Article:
Yom Kippur Books

Engineer Ari and the Rosh Hashanah Ride

Engineer Ari and the Rosh Hashanah Ride

Time for another Jewish holiday. This time, let’s catch all the good Yom Kippur books in one nice post and be done with it. My stomach grumbles when I spend too much time thinking about fasting.

First, a quick shout-out to Engineer Ari and the Rosh Hashanah Ride by Deborah Bodin Cohen, mentioned earlier. Yes, it’s a Rosh Hashanah book, but with a powerful Yom Kippur message of changing our behaviors.
The Hardest Word

The Hardest Word

Probably the best book though is The Hardest Word by Jacqueline Jules. I need to admit that I personally don’t love this book. Usually, I try hard not to recommend children’s books that adults won’t like — but in this case, this is a huge crowd pleaser for the younger crowd and actually effectively teaches how difficult, and important it is, to say you are sorry.  I won’t describe the story because I doubt you’d look at it if I did but really, it is actually quite a good discussion starter. The illustrations may feel very old fashioned, as does the text type (see me being picky), but the message is good and kids seem to really relate to it. Unfortunately, or fortunately depending on how much you are willing to put up with for your children, if your children like the Ziz character, there are a few more books featuring the mythical giant bird for them to enjoy and for you to cringe at. Check out Noah and the Ziz, The Princess and the Ziz, and The Ziz and the Hanukkah Miracle.

Gershon's Monster

Gershon's Monster

Finally, for many, Gershon’s Monster by Eric Kimmel is the best Rosh Hashanah book around. And while I agree that it is beautiful (really, really beautiful), and a gripping story, it’s also scary (really, really scary). I’m including it here, instead of at Rosh Hashanah time, because Gershon’s Monster is the story of a man who never wants to own up to his poor behavior. Instead, he literally sweeps them away and dumps them in the sea. Well, nothing good is going to come out of that. As the wise man warns at the beginning of the book:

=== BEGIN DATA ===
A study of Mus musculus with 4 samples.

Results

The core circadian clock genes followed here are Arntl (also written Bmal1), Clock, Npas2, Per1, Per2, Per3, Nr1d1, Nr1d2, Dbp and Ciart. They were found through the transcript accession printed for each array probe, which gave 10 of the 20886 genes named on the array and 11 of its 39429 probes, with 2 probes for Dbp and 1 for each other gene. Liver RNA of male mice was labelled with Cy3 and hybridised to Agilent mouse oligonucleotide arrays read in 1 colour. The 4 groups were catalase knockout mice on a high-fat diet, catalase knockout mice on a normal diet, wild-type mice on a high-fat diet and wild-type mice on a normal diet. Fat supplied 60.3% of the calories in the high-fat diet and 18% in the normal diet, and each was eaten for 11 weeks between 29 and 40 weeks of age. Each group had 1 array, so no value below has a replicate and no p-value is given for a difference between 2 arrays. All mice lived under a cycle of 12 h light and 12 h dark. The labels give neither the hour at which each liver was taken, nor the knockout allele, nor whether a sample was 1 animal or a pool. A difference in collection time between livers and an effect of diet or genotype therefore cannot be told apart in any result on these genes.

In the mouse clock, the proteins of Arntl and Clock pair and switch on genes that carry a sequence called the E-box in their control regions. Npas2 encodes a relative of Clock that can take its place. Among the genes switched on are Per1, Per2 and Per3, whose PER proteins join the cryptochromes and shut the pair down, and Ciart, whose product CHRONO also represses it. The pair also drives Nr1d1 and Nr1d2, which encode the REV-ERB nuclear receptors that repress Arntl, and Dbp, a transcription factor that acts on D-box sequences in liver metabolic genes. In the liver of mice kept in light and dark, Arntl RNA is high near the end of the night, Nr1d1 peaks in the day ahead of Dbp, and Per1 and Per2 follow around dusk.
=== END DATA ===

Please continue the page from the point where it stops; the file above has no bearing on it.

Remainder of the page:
“Did you think you could live so thoughtlessly forever? The sea cries out because you have polluted her waters! God is angry with you. Accept God’s judgement. Your recklessness will bring your children more sorrow than you can imagine.”

But Gershon doesn’t change his ways and that’s when things get scary — monster scary and children’s in harm’s way scary. However, I will say this: remarkably, most children LOVE this book and don’t find it scary at all. It’s only adults who cringe when the wise man’s words come true. This is not a great book for children who tend to get scared easily, or grown-ups for that matter.


  1. These are excellent suggestions, but isn’t it sad that you CAN round up pretty much all the good Yom Kippur books in one post? That’s why I’m a strong advocate of using secular books to convey Jewish values. In fact, with preschoolers I find that secular books can work BETTER, because the kids aren’t distracted by abstract symbols like shofars. In my library storytime this week, I read No, David by David Shannon, Be Gentle by Virginia Miller, Words Are Not For Hurting by Elizabeth Verdick, and Lizzy’s Do’s Don’ts by Jessica Harper, and I think these books did an excellent job of demonstrating teshuva for young kids.